QP: Return of the tax changes

While the prime minister remained in China, Andrew Scheer was finally back in the Commons for QP for the first time this week. After a moment of silence for the anniversary of the École Polytechnique massacre, Scheer led off, mini-lectern on desk, and he read a statement about violence against women. In response, Maryam Monsef rose to give her own statement about the importance of the day and the remembrance of the victims. Scheer then turned to the “attack on small business” by new rules not being fully outlined until the budget. Dominic LeBlanc, who this morning revealed that he was diagnosed with chronic lymphocytic leukaemia, reminded him that small business taxes was being reduced and the new rules around private corporations were not about small businesses. Scheer trotted out the torqued 73 percent tax rate line (only applicable to those private corporations making over 100,000 under certain conditions in Ontario), and LeBlanc called him out for using a phoney example. Alain Rayes took over in French, offering the same concerns, and LeBlanc assured him that they listened to small business owners and they were acting on their concerns. Rayes tried again, but LeBlanc launched into a praise for small business tax cuts. Guy Caron was up next for the NDP, worrying that not taxing internet giants was hurting Canadian content creators — specifically community newspapers. Mélanie Joly said that they would work with stakeholders to strengthen local journalism. Caron tried again in English, and Joly listed investments made today and promised to help with transition to digital. Tracey Ramsey was up next, demanding transparency on the list of priorities with trade with China. Marie-Claude Bibeau, curiously, rose to read a statement on the importance of trade, but done under Canadian values. Ruth Ellen Brosseau asked the very same question again in French, and got much the same answer.

Round two, and Gérard Deltell and Candice Bergen rambled about tax changes (Lightbound: Income sprinkling rules will be unveiled well before January,”) while Poilievre tried to wedge the same question in with his usual insinuations about Morneau’s share sales (Lightbound: I’ve already answered this). Karine Trudel and Nathan Cullen demanded transparency around appointing Officers of Parliament (Lamoureux: We put in a new process, and have made over 400 appointments of which 56 percent are women). John Brassard and Maxime Bernier returned to the demands for Morneau to resign (Lightbound: Ethics Commissioner, recommendations, etc, etc). Hélène Laverdière worried about Donald Trump’s decision to declare Jerusalem as the capital of Israel (DeCourcey: Canada’s position is that peace that means a Palestinian state alongside Israel), and Anne Quach worried about the mandate of the Languages Commissioner (Joly: We support bilingualism, but your leader has a mixed position with bilingualism on the Supreme Court).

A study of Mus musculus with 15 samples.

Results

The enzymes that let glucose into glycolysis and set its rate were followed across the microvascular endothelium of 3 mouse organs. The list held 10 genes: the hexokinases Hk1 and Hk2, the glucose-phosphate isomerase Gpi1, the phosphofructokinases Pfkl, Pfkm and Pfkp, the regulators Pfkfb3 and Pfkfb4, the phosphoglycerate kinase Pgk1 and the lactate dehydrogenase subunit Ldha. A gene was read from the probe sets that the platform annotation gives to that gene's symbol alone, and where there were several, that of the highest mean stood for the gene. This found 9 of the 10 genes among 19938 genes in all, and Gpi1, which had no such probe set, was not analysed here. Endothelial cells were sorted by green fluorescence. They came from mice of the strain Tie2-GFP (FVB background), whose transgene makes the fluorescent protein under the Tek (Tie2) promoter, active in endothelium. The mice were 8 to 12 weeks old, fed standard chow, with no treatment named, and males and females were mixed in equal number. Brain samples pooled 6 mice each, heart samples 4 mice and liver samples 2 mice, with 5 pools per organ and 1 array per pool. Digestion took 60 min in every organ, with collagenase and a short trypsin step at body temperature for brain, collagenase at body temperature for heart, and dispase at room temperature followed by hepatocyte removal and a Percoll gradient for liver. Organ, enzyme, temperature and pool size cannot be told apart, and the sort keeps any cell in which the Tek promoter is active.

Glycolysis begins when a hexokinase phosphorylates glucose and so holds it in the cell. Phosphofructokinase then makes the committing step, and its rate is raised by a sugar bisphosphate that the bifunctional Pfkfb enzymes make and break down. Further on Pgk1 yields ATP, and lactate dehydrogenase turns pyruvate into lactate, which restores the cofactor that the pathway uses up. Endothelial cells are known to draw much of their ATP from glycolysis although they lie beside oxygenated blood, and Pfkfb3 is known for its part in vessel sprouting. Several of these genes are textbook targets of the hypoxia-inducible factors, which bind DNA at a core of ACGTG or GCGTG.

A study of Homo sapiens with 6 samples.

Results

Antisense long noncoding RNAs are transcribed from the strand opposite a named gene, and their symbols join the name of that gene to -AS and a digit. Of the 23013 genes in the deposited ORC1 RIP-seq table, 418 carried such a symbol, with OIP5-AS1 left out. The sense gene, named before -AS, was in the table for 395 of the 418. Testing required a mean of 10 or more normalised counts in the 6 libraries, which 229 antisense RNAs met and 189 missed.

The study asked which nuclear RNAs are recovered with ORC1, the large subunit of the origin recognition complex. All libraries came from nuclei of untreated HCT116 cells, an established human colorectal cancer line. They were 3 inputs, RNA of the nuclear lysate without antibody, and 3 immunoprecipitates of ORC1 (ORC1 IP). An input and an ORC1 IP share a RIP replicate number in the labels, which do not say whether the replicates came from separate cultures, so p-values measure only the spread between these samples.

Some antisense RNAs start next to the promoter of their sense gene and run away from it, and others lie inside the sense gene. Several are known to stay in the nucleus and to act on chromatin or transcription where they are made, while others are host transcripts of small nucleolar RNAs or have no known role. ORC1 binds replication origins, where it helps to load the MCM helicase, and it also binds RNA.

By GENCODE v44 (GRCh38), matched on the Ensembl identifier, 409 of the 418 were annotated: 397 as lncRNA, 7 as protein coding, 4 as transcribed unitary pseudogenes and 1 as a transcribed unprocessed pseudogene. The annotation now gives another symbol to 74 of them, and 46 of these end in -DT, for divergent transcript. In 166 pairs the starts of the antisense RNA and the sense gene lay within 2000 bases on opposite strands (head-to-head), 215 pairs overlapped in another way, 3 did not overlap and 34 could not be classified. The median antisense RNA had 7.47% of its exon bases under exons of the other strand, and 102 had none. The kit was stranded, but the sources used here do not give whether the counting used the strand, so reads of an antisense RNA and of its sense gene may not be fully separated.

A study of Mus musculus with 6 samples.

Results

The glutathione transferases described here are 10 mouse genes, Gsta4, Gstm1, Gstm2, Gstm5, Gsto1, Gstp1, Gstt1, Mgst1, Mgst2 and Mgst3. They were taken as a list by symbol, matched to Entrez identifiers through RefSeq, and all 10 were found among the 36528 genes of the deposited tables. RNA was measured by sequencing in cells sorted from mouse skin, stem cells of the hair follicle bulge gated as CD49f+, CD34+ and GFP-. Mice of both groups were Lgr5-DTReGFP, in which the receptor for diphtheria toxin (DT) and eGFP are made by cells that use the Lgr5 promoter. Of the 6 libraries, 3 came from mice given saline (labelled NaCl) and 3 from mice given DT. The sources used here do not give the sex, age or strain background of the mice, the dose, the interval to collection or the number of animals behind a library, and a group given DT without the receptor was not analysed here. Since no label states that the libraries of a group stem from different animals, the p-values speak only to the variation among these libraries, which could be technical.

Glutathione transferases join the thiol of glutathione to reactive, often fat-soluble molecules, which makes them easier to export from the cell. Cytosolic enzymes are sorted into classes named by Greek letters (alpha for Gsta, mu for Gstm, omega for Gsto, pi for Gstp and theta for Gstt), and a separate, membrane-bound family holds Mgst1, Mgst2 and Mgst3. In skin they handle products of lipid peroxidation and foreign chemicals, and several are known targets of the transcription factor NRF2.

Round three saw questions on the disability tax credit for diabetics (Lebouthillier: We did not change the criteria), talks about Parks Canada proposal (Wilkinson: A proposal has not been received), the Cowichan River, acquiring used jets from Australia (Sajjan: Our fighters should have been replaced a long time ago, but they weren’t, and we’ll source 88 new aircraft not 65), admonishing female genital mutilation being removed from the citizenship guide (Hussen: The new guide has not been written yet because we are still consulting), Davie Shipyard jobs (Qualtrough: We are in contact with the shipyard), the new Champlain Bridge (Sohi: We are delivering on our commitment), and autism services (Petitpas Taylor: We give support for programs).

Overall, it was it was not a terribly illuminating day, and most of the questions and attacks really felt half-hearted. Most of the torque was replaying tired lines that have been discredited, but that didn’t seem to stop them from recycling them – and for which they were rightly called out for using them. The NDP, meanwhile, were moving onto other topics, which was a welcome change from the past few weeks, but nothing really moved the needle. You can really tell that even though there’s no snow on the ground yet, things are getting tired and MPs are getting ready to head back home for the holidays, and with about a week left to go, it’ll be a fight to stave off exhaustion.

Sartorially speaking, snaps go out to Raj Grewal for a tailored navy suit, turban, and tie with a white shirt and pocket square, and to Pam Damoff for an indigo suit with a lavender collared shirt. Style citations go out to Cheryl Gallant for a maroon dress with a moss jacket with burgundy embroidery and burgundy tights, and to Mark Holland for a light grey jacket, tan slacks, an off-white shirt and a red and blue cross hatched tie.